Russia left winger Alex Ovechkin and Team Canada centre Sidney Crosby shake hands after Team Canada 5-3 victory during a semifinal game in the 2016 World Cup of Hockey in Toronto. (Kevin Sousa/USA Today Sports)

How Canada turned around its international hockey program Add to ...

His tone was what a proud teacher might use to describe a class of recently launched college grads, successfully making their way in the world.

“The kids aren’t kids any more,” Mike Babcock was explaining Saturday night, in the immediate aftermath of Canada’s 5-3 victory over Russia in the World Cup semi-final.

It was Canada’s 14th consecutive win in best-on-best men’s international hockey competition, and remarkably, it was once again led by team captain Sidney Crosby, aka Sid the Kid.

Maybe Tim Hortons can launch a new contest – find an updated nickname for Crosby, its most recognizable salesman.

But Babcock was taking the longer view of how Canada turned around its international hockey program, which circled all the way back to a quarter-final game against Russia at the 2010 Winter Olympics in Vancouver.

Canada had just an okay preliminary round and even had to play an extra playoff game – against Germany – to advance to the quarter-finals. There, the Canadians were to play a Russian team that had shut them out 2-0 four years earlier in the 2006 Winter Olympics in Turin and was putting on a show. Alex Ovechkin, especially, led the way with a series of rampaging, highlight-reel hits.

But it all turned around right there, everything. Canada scored six goals in 24 minutes 6 seconds against the Russians and goaltender Evgeni Nabokov, blasting them out of the tournament.

Ilya Bryzgalov, the Russian backup goalie, famously described the Canadian onslaught by noting: “They came at us like gorillas out of a cage.”

The Russians have yet to recover from the shell shock.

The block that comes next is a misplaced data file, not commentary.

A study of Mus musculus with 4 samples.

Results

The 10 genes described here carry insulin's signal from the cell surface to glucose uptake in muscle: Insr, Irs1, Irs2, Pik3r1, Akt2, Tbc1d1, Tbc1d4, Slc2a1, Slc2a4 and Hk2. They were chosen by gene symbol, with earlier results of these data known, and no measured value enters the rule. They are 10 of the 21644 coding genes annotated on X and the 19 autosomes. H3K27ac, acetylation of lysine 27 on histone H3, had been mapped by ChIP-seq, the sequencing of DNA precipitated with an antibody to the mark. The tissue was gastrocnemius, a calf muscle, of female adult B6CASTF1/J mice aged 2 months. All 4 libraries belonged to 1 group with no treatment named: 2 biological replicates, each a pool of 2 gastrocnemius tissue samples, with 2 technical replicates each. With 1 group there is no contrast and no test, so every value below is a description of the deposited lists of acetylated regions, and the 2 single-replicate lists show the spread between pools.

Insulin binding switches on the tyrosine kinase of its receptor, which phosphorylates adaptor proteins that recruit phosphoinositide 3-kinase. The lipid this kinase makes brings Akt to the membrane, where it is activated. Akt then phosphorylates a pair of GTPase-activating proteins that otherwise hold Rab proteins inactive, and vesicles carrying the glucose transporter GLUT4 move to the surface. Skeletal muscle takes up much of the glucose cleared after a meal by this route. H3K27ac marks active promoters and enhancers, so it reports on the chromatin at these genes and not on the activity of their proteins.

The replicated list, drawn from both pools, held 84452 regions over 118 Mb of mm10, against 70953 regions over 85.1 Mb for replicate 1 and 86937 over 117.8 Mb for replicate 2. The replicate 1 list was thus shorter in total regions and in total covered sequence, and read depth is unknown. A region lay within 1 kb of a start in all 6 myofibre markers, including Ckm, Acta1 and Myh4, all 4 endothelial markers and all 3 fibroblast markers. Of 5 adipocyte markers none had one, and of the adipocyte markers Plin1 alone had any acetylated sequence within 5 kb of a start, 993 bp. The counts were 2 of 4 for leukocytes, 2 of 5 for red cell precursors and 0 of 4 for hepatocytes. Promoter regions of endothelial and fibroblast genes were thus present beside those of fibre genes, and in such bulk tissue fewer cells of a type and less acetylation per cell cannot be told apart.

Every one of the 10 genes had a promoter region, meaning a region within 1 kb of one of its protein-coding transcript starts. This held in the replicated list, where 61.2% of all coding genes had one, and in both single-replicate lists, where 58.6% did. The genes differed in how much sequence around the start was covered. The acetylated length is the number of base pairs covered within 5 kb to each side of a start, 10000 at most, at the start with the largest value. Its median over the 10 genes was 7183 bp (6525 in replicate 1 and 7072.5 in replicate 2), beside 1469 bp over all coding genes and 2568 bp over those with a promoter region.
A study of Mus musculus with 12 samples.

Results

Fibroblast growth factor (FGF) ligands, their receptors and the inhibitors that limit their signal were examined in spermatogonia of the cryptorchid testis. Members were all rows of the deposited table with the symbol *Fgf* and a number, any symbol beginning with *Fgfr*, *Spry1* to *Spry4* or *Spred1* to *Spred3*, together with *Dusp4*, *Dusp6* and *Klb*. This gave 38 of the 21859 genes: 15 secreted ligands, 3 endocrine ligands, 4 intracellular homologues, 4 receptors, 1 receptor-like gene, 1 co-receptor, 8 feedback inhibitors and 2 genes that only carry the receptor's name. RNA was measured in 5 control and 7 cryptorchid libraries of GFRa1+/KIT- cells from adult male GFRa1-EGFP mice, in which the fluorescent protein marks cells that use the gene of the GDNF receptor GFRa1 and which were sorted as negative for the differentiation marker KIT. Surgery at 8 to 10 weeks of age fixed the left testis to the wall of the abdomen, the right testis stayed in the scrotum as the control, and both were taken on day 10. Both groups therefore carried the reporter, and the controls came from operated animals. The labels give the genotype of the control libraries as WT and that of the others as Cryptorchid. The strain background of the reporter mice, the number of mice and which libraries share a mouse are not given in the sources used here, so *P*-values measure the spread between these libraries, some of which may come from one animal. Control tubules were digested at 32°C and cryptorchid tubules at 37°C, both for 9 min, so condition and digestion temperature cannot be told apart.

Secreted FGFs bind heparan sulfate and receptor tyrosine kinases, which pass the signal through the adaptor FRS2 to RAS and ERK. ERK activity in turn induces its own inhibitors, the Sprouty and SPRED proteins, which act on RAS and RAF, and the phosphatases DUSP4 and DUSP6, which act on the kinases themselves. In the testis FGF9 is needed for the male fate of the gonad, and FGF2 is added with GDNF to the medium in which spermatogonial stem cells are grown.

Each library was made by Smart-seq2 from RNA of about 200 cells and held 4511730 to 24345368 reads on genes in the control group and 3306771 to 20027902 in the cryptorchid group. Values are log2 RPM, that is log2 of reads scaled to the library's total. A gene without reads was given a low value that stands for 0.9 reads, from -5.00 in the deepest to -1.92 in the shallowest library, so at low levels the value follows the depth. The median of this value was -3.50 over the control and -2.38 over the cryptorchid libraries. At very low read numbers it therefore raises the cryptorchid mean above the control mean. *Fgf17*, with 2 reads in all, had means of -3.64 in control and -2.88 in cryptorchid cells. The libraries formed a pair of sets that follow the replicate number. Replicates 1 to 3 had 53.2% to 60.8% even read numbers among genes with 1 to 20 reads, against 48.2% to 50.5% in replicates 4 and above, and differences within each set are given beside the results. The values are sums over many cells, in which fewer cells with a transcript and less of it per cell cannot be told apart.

Canada, by contrast, just gets better and better.

In Vancouver, Babcock relied on what he called his “grey beards” – Scott Niedermayer, Chris Pronger, Jarome Iginla, Dan Boyle – to provide stability in the dressing room for all the young talent adjusting and adapting to the pressure cooker of a hometown Olympics.

That group – Crosby, Jonathan Toews, Drew Doughty, Corey Perry and others – have now become mature, in-their-prime NHLers and have fully taken over the Canadian program.

“I trust them and I think they trust me,” Babcock said. “They know we’re prepared. They know we’re good. They know we have a chance. And that’s all you can ask in life – a chance.”

The chance to repeat as World Cup champions will come starting Tuesday, against Europe, who advanced to the final on Sunday with a thrilling 3-2 overtime victory over Sweden.

It is impossible to watch a Russia-Canada game any more and not compare the accomplishments of Crosby and Ovechkin, given how they came into the league together after the 2005 lockout, billed as the new faces of the NHL.

Since then, Ovechkin has won far more individual hardware – starting with the Calder Trophy in their respective rookie seasons, along with six Rocket Richard trophies, three Hart trophies, plus one Art Ross.

Crosby’s résumé is impressive – two Hart trophies, two Art Rosses, one Rocket Richard, plus the Conn Smythe Trophy as the playoff MVP in 2016. That’s where Crosby’s real edge lies, in what he’s won collectively.

There are the two Stanley Cup championships, two Olympic gold medals and now a chance to win the World Cup for the first time.

Crosby’s performance against the Russians, playing on a line with Boston Bruins Patrice Bergeron and Brad Marchand, was excellent and virtually an instant replay of what the trio managed the previous Saturday in their tournament-opening win over the Czech Republic.

In each case, Crosby scored three points and made the pivotal plays in the game to shift momentum Canada’s way.

The narrative was hard to ignore: How can Crosby consistently raise his level when the pace and the pressure increase, while Ovechkin, time after time, cannot find that extra gear?

Ovechkin, post-game, in about an eight-minute scrum, seemed at a complete loss for an answer. He kept repeating like a mantra, over and over, “I try my best, I try my best.”

For his part, Crosby is always made uneasy by the comparison, understanding only too well that teams win championships and everyone – no matter how accomplished – needs to find his role within the team.

With Crosby now in the driver’s seat to win tournament MVP, Babcock was asked: What has changed since 2010, when he first coached Crosby, who scored the overtime game-winner against the United States in the gold-medal game?

“I just think he knows how good he is and he’s more patient with what he’s doing,” Babcock said. “When things don’t go well, he doesn’t get frustrated. When people cross-check him, he doesn’t get riled up. He just knows he’s going to have success over time.

“The other thing that happens when he plays with Toews – Toews does a lot of stuff so [Crosby] can do what he does. So to me that’s a pretty good one-two punch.

“And of course, Sid, he’s no slouch either.”